Local USVI News

DLCA Cracks Down on Building Violations Involving Licensed Contractors; Unlicensed Contractors to be Referred to Court


DLCA Commissioner and member of the V.I. Board of Contractors and Trades, Richard Evangelista, told the Consortium that a recently drafted team will oversee that aspect of the department’s role and pursue cases of contractors who are accused of providing substandard work. 

“The Department of Licensing & Consumer Affairs is taking a serious stand on licensed general contractors who fail to live up to the minimum standard required of an outstanding contractor in good standing,” he said.

“We are literally going to have the ability to bring them to the table when someone complains about work that should have been done properly but it was done improperly,” Mr. Evangelista added.

An informal process has already begun within the department and will be put into writing for other team members and the public through the dissemination of a public service announcement and press release. 

Standard deviations that can be considered negligent include anything outside of acceptable construction practices, said board member Laurence Richards, who mentioned “doing stuff that’s outside of the code for example – installing stairs that are uneven as an example.”

Board member Julio King said some of the things that constitute a violation have been accepted in the past and may not be looked at as being improper. “Something as simple as craftsmanship. Sometimes contractors go in, do a job and they’re accustomed of hanging a door a particular way, they might be hanging it wrong for years,” he exampled, noting that there are code requirements of how a door should swing. 

“What we do is try to govern the things that are important for health and safety,” he concluded.

Title 27 of V.I. Code, Professions and Occupations, Chapter 10 (Virgin Islands Board of General Construction Contractors), makes it unlawful for any person to operate as a general construction contractor within the Virgin Islands unless they are licensed as provided by the chapter.

According to Mr. Evangelista, following the passage of Hurricanes Irma and Maria, the department received many reports of unlicensed contractors some of whom are currently before the civil court. The public is therefore being encouraged to contact DLCA via telephone or through use of their website to ensure that the general contractor who they want to hire, such as plumbers and electricians are licensed by the department.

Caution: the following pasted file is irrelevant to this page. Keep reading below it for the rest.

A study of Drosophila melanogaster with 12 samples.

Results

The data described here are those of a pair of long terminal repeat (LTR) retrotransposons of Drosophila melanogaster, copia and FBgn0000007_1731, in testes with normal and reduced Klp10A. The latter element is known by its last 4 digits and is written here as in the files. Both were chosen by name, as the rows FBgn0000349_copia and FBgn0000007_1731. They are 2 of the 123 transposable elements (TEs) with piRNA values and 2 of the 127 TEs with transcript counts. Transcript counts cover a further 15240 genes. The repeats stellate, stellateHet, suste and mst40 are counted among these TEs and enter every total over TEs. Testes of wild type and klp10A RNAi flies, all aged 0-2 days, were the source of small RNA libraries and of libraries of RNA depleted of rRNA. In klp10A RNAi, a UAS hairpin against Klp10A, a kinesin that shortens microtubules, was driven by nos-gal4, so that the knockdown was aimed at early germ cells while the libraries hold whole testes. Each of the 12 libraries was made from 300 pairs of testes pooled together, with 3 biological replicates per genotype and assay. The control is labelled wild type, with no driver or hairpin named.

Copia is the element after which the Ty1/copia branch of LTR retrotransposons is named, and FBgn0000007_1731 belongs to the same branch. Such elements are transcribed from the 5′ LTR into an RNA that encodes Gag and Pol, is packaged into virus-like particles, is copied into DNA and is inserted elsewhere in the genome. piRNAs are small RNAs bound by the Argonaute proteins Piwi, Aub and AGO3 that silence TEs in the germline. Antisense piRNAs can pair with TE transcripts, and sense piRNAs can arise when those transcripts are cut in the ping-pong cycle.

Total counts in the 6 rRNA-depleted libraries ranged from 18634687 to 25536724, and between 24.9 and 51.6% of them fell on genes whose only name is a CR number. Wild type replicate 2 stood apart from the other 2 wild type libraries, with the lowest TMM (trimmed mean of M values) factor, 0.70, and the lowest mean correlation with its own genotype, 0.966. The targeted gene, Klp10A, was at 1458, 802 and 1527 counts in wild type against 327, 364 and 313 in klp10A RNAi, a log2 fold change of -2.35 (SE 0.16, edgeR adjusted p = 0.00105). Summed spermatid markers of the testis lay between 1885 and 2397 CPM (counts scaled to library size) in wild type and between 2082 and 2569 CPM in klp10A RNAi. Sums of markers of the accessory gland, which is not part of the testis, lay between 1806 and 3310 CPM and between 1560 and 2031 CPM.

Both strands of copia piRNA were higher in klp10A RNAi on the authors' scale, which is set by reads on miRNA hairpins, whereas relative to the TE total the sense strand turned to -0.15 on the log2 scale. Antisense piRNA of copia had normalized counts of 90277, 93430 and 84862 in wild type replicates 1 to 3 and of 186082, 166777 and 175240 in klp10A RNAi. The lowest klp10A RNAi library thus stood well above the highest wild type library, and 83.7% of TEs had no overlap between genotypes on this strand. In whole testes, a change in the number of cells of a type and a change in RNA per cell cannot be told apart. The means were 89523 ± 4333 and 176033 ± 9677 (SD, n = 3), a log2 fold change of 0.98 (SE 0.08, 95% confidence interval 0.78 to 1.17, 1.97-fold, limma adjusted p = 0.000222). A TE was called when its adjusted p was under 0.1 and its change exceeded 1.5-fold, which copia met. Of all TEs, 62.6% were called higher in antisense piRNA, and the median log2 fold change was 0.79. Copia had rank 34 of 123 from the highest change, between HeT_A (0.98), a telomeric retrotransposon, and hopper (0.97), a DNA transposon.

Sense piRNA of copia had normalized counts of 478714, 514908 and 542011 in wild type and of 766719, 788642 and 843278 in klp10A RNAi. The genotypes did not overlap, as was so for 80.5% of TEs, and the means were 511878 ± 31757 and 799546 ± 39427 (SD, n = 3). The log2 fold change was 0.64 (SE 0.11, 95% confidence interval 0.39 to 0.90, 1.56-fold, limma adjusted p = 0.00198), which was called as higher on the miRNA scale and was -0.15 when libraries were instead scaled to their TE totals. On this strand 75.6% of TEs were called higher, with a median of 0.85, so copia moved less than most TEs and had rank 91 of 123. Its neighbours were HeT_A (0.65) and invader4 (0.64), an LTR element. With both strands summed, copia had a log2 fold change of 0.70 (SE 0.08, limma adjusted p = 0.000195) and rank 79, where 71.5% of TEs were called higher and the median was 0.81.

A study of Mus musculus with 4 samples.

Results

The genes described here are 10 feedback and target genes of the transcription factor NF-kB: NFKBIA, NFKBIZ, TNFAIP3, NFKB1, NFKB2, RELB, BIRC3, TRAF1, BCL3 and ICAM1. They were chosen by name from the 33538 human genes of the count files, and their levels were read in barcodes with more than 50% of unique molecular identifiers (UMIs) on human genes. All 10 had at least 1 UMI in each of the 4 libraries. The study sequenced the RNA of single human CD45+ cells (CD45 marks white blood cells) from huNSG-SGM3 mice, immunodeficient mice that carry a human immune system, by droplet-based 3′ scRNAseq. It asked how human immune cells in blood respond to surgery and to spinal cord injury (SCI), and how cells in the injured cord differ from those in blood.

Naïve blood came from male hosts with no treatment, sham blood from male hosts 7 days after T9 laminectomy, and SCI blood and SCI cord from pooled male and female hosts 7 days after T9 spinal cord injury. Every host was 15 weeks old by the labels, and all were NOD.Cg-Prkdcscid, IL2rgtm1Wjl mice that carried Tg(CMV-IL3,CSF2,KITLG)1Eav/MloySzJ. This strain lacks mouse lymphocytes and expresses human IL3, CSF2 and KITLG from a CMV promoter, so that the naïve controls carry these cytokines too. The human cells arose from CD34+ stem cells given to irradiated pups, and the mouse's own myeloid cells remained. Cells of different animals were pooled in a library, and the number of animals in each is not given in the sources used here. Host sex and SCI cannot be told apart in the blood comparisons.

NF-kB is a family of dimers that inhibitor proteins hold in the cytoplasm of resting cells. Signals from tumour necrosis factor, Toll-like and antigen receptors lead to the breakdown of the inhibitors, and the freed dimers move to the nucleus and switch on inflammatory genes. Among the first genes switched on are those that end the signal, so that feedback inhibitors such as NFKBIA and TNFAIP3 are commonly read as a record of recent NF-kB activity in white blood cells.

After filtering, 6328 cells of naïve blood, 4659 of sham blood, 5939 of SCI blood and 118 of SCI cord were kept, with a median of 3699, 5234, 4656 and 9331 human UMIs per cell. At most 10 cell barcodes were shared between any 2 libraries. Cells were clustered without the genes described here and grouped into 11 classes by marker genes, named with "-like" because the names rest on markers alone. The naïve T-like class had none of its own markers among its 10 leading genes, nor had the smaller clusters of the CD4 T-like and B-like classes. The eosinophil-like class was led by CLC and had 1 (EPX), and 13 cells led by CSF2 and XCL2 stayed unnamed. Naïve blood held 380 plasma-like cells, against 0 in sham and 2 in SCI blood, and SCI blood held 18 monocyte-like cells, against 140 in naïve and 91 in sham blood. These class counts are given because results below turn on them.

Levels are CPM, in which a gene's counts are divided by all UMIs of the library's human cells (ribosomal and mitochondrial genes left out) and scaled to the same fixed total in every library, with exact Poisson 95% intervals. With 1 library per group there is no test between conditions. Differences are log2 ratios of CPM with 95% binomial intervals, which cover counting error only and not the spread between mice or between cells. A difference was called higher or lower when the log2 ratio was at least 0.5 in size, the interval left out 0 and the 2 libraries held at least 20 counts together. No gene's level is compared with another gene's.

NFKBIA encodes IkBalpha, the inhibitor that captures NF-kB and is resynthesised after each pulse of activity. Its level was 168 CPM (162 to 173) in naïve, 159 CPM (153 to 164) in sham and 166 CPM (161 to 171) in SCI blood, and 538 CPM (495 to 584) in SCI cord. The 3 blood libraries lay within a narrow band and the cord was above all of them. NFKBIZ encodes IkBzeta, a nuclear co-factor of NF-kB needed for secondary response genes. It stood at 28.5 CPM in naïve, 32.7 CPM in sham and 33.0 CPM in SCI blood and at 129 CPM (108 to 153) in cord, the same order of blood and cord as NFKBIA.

“If you engage the services of a licensed general contractor, you can find recourse at our office if in fact something has occurred or gone awry. Unfortunately, when you hire an unlicensed general contractor DLCA will not be able to assist you because we only have jurisdiction over licensed contractors – those to whom we give a license – and those persons will actually have to go to court and seek out legal assistance or get their redress in the court of law and not at DLCA,” he warned. 

Attorney Melanie Fenzel, who is assigned to boards and commissions spent a day with attorneys who specialize in general contracting law as well as three days doing investigator training to better understand the legal scope of what is required to investigate these matters. Now that the department has hired an attorney, DLCA also plans to seek an amendment to the VI Code.

Ms. Fenzel said initial penalties for licensed contractors include a fine of no less than $1,000 for each violation or act of noncompliance. “You would need to identify such violations first so, a lot of that does need to be clarified but not less than $1,000 at this point,” she said. 

According to the board, there are currently 236 contractors registered across the U.S Virgin Islands – 106 St. Thomas, St. Croix 102, and St. John 28.

Through the work of Assistant Commissioner of the Office of Boards and Commissions, Nathalie Hodge, the board has amended the general contractor statute to combine some crafts and trades to prevent multiple boards having to regulate the industry.